Winter creeps up quickly after Halloween and so do the reminders of heading to the doctor’s office or the Health Center to get a flu shot.

For as long as I can remember, I have always received a flu shot and most of the time, I dodge the flu bullet for the year. But receiving a vaccine isn’t always guaranteed to rid your body of the ick. So what are the pros and cons?

According to the Centers for Disease Control and Prevention, everyone over six months of age is highly encouraged to receive a flu shot. The biggest reason to do so is the current vaccine has three times the protection, that includes strains of the H1N1 (swine flu) virus to help our bodies combat this season’s virus.

If you hate shots as much as I do, there are now other ways to get vaccine. You can ask for a nasal spray that is just as effective.

But think twice if you are allergic to eggs. The 2012 flu vaccine is made inside chicken eggs according to the CDC, and people who are allergic are asked to take precautions. It also means if you’re not allergic you still might get sick after the shot, as the vaccination takes about two weeks to go into full effect.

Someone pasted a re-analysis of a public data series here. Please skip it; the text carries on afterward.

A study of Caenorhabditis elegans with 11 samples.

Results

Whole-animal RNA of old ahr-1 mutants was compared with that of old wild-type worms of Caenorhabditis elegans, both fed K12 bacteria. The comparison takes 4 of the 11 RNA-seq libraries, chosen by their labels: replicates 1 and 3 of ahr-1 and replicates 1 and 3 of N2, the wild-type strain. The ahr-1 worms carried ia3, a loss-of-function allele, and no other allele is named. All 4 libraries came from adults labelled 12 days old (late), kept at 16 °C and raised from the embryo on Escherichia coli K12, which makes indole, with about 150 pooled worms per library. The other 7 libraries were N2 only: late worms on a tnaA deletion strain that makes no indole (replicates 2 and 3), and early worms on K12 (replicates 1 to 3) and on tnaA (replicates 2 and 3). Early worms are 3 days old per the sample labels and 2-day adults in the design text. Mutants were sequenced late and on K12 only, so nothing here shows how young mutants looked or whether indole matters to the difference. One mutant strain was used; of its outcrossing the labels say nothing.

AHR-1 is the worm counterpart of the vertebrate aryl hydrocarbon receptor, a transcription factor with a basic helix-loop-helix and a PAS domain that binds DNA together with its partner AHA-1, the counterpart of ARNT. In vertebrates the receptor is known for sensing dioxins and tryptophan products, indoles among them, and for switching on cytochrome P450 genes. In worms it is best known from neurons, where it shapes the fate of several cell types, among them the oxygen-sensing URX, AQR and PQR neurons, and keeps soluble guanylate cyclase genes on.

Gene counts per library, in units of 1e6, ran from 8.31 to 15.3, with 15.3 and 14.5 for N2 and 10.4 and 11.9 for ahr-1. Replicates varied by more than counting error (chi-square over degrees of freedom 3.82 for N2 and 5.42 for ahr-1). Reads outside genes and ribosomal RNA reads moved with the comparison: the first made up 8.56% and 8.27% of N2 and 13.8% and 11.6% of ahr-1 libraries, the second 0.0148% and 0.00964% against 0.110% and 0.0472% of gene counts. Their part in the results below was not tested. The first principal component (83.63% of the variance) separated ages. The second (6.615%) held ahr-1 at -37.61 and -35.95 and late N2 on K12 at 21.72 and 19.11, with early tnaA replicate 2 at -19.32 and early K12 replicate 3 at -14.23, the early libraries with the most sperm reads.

This comes as somewhat alarming as the CDC recently reported that 48 states are experiencing widespread activity of the flu. Instances of the flu have been increasing over the past few weeks in Oregon and flu rates have been rated “moderate” by the CDC, according to The Oregonian.

Depending on who you are and what you believe works for you, check in with your doctor for more information about this year’s flu vaccine and where you can receive it. Certain areas in the United States have reported shortages of vaccines, but places like Albertson’s, Safeway and the Health Center on campus have flu vaccines for $15 per person.